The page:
Monday brought a windfall for many investors in Chinese equities. Ten companies debuted on the main exchanges in Shanghai and Shenzhen, raising a combined $3.1bn. Pops in the share prices of as much as 200 per cent reflected undervaluation rather than strong growth expectations.
The 10 are the largest group to list after China overhauled listing regulations. The reforms gave its main markets a US-style registration-based public offering system. They removed daily trading limit for the first five trading days following a listing.
Previously, new stocks on China’s main exchanges could rise no more than 44 per cent. Shares had to be priced at 23 times earnings or below, to ensure a strong debut.
The removal of that valuation cap meant sector-relative discounts for Monday’s group of listings were much narrower than for previous initial public offerings. Energy group Shaanxi Energy, for example, was priced at 90 times earnings.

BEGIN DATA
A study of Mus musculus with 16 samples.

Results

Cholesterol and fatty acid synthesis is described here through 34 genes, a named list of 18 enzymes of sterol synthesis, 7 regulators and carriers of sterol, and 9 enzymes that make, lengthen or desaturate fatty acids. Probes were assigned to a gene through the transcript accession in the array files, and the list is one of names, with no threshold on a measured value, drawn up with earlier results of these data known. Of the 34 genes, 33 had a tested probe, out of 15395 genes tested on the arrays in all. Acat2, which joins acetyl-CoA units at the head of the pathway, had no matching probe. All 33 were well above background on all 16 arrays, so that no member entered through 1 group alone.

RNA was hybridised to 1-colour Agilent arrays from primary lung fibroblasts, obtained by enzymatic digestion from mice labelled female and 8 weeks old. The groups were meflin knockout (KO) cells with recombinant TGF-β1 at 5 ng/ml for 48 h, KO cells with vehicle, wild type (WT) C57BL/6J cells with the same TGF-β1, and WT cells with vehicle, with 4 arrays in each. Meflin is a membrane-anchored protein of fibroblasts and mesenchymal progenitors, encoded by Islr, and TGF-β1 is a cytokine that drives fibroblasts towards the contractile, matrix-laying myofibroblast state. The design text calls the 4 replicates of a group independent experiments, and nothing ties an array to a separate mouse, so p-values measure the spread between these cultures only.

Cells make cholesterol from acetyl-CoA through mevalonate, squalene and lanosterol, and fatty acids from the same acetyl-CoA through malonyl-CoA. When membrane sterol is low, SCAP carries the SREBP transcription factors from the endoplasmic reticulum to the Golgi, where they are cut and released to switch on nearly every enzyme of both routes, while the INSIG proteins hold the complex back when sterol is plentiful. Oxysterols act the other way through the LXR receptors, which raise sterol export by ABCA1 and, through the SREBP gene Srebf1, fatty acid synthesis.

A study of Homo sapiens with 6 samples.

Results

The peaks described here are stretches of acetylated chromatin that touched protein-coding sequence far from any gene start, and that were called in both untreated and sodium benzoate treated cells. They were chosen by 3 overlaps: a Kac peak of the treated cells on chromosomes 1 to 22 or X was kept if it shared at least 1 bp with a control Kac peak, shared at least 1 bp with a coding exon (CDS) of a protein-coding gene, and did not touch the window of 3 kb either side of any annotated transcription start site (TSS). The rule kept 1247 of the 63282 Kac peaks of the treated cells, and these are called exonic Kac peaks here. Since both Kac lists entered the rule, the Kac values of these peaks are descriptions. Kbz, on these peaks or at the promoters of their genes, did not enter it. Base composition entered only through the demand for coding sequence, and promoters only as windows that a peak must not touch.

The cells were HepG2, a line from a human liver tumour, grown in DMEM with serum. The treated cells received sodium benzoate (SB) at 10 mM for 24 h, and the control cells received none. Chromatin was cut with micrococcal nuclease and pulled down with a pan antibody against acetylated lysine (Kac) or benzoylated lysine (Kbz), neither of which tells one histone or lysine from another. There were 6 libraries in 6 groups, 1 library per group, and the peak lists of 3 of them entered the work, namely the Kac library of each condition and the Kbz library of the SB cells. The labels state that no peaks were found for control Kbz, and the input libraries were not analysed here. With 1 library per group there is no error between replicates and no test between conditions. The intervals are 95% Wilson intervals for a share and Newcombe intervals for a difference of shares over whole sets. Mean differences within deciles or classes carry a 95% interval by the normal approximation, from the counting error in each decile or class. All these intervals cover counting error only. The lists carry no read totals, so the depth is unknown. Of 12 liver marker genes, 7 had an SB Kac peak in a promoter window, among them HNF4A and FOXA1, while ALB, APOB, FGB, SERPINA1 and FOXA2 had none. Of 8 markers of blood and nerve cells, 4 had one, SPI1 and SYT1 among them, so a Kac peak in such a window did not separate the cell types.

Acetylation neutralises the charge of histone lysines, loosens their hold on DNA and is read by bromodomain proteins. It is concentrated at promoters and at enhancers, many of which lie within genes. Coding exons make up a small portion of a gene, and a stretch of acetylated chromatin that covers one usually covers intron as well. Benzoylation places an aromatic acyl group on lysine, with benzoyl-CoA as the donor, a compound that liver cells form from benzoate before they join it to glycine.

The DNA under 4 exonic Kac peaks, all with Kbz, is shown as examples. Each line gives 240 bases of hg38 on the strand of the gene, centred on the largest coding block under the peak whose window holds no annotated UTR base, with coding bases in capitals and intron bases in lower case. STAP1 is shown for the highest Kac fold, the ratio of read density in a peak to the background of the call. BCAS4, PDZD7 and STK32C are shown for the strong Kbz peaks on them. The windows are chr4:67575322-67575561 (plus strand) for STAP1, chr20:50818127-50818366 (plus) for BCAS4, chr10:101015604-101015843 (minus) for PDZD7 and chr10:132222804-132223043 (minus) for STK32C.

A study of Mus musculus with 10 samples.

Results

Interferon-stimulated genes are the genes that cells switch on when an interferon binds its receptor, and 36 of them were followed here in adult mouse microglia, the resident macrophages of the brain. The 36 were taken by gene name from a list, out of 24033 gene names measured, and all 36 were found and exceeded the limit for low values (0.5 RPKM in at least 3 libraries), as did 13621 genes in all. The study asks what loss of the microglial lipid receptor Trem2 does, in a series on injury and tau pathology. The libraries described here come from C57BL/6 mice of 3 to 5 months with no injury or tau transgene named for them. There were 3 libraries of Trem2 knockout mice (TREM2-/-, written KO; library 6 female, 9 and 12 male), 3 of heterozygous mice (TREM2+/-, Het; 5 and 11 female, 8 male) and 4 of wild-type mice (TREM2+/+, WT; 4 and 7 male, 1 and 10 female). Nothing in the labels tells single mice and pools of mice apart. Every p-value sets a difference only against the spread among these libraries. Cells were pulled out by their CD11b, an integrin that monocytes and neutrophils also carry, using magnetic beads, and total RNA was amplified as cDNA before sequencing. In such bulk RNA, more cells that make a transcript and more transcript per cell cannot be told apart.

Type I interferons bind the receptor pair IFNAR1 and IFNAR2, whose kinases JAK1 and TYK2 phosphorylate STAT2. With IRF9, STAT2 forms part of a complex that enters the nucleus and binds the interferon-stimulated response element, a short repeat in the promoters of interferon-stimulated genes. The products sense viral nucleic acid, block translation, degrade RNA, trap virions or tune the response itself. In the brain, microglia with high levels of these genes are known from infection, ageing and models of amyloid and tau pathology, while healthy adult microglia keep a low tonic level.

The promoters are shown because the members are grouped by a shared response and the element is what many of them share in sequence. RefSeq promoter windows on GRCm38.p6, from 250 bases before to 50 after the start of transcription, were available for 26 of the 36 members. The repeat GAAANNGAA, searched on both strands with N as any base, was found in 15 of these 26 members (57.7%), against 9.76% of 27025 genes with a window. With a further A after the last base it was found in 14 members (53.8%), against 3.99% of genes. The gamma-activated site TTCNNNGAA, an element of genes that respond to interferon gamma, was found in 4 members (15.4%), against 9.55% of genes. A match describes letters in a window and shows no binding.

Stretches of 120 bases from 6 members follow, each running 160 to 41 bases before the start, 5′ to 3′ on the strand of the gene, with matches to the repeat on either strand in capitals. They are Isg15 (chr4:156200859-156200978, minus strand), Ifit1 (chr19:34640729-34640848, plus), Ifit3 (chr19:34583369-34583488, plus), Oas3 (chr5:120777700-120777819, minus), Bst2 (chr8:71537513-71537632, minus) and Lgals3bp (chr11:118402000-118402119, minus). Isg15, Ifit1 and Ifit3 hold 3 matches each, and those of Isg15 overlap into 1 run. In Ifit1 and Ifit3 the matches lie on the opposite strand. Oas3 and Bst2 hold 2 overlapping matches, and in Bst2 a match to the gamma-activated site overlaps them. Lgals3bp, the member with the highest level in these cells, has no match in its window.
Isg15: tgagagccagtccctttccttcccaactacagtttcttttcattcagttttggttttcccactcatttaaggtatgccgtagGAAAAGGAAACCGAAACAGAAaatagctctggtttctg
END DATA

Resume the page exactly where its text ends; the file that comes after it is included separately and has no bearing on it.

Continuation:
Still, all 10 stocks were heavily oversubscribed. Price gains beat expectations. Shares of Shenzhen CECport Technologies, an electronic components company, and Dencare Chongqing Oral Care, an oral products maker, more than tripled. Even the worst-performing of the other eight companies gained 50 per cent.
The lack of an upper limit was the reason. But the gains also reflect a shift in market sentiment. Mainland stocks have been among the world’s most undervalued stocks on a forward earnings basis. Foreign investors have become aggressive buyers this year, purchasing more than $22bn worth of stocks in the first two months.
The overhaul of the IPO system streamlines equity cash calls just when companies need access to easier fundraising amid slowing growth and tighter credit conditions. A key requirement for Chinese company listings used to be a record and strong growth prospects. Now, the focus is on meeting disclosure requirements.
Expect a steady flow of new deals with tighter pricing as issuers and banks adjust to the new environment.